This morning, I wrote this:
Beloveds, I don’t really have much in the way of words to offer this morning, to wade through the bog of my own anxiety to offer hope or resilience. I’m here in my bog, listening. I need to be a teacher today, especially for students who are equally as enmired as I am.
Here in the anxious bog of me today, I sit like an angry old spider. I cast a line from me to you. Catch. Send out webs of your own. While we wait for things to ravel or unravel, we weave and spin and hold our own webs as steady as we may. We are stronger when we are together.
Black lives STILL matter.
Love is STILL love is STILL love.
Your name and pronouns STILL belong to you.
Your body is STILL your own.
You STILL have agency.
The Planet STILL needs us.
The elderly and vulnerable STILL need protection from the coronavirus.
STILL, nobody is illegal.
Justice is STILL important.
This morning felt so dire, so much a repetition of 2016. Jon and I both woke up at 2:30, and made the perhaps unwise choice to check the returns. My heart was racing, and I figured I wouldn’t get to sleep until I saw something to confirm or allay the anxiety. Look the wolf in the eye, they say. I felt in a visceral way how the anxiety and sense of tragedy of the 2016 election had lodged in my body, and how it replayed itself in the night four years later.
This afternoon, there are a few more reasons to hope. The morning, said Vassilissa’s doll in the Baba Yaga stories, is wiser than the evening. Today, the afternoon is wiser than the morning. Get some distance. Get some rest. Get some perspective.
It’s not over, and won’t be for a long time, but it doesn’t feel like we’ve completely shattered the Democracy quite yet. And the popular vote seems to be pretty definitely against the tyrant.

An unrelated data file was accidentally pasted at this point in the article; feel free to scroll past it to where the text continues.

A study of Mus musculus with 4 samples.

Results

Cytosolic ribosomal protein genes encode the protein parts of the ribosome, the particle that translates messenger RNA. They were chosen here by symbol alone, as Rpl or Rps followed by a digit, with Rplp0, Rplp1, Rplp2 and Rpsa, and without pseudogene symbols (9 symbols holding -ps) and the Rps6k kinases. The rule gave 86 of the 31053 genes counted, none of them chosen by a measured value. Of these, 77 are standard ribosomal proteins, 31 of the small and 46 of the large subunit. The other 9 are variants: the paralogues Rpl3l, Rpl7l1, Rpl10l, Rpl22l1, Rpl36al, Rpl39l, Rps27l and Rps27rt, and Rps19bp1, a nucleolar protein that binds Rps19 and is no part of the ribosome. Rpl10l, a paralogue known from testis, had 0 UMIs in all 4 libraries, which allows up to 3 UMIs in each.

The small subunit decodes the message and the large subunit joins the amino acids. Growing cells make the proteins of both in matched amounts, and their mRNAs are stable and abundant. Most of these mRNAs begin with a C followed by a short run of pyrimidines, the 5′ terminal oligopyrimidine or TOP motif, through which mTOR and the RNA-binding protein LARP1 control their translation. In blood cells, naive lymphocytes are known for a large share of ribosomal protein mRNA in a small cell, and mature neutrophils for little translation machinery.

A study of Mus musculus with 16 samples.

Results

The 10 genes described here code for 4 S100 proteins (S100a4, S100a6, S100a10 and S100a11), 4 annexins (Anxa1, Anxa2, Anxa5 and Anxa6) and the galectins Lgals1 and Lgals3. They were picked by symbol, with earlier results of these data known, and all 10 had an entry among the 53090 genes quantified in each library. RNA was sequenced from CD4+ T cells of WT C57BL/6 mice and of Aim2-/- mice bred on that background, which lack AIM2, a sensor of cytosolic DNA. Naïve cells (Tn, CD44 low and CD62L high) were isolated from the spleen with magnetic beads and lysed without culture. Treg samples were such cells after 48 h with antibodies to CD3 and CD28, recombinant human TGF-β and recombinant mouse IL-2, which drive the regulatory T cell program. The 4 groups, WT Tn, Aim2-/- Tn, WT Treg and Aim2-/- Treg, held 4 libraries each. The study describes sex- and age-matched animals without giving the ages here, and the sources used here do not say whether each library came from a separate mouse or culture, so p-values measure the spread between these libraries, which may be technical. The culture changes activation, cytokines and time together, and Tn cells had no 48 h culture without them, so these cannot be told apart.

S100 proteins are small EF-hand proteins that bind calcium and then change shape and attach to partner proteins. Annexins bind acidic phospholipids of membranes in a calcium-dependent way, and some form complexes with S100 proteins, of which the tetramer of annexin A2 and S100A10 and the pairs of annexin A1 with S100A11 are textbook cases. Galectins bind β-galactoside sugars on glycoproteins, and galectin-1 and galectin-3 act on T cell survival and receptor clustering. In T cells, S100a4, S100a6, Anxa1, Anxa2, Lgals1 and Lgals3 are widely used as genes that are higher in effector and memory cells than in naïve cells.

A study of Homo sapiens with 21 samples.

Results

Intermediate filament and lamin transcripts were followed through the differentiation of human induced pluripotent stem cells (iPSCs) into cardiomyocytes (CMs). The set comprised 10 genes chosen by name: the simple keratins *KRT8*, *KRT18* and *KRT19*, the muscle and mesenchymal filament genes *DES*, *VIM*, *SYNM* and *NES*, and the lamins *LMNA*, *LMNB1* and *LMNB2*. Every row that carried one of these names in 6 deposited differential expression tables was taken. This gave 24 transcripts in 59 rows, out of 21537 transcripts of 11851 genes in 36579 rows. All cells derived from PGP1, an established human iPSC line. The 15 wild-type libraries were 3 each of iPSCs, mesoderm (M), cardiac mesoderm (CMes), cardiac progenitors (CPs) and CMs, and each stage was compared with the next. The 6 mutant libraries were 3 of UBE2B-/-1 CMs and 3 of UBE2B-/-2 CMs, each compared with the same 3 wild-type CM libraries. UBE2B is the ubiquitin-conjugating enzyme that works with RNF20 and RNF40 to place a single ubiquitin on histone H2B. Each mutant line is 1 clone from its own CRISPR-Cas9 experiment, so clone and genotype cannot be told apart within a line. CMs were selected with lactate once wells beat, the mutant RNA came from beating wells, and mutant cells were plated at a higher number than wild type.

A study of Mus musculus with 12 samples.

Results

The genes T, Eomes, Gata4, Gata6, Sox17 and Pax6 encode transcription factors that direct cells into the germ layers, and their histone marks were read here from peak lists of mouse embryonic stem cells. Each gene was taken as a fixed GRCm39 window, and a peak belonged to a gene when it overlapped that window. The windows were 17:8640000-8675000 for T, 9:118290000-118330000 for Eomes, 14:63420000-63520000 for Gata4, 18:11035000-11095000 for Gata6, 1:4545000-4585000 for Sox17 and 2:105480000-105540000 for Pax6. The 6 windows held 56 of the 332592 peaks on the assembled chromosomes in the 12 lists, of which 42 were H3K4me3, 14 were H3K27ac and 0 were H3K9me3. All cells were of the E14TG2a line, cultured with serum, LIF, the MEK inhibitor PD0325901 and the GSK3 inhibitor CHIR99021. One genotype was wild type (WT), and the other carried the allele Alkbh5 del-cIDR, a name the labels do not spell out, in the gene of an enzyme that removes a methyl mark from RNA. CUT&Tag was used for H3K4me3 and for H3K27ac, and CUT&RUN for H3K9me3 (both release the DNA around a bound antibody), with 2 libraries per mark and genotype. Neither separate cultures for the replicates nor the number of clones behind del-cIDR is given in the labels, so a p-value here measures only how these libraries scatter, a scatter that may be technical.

Here’s the one thing that sticks with me, however, like a grief: It wasn’t a clear and obvious win. My neighbors, good people and salt of the earth in so many ways, have not–by and large–passed the test, choosing instead to vote for white supremacy and patriarchy, for homophobia and transphobia, against the poor and the ill and the immigrants. And I do not know what to do with that.
I don’t feel like I can muster appropriate Gratitudes today. Perhaps a couple Commitments might stand in:
1. I commit to not respond smugly if Biden wins. I will express relief and hope if it happens (because I am human and must live my emotions), but I will not be smug, and especially I will try to be open to the pain and confusion of people for whom that is frightening, even though I do not understand it.
2. No matter who wins this election, I commit to standing for justice and compassion, for Black and Indigenous People and other People of Color, for LGBTQ+ folx, for women, for immigrants, for poor and houseless people, for all who are harmed by our systems. I commit to pushing whoever is president for the next four years (and other elected officials) to do right by the people, especially whose who have not been truly free and equal.
3. I commit to harbor no illusions that the lesser of two evils is the savior.
4. I commit to walk this together with you, my Beloveds, and to ask for help when I am sinking.
May we do justice, love mercy, and walk humbly. In Beauty.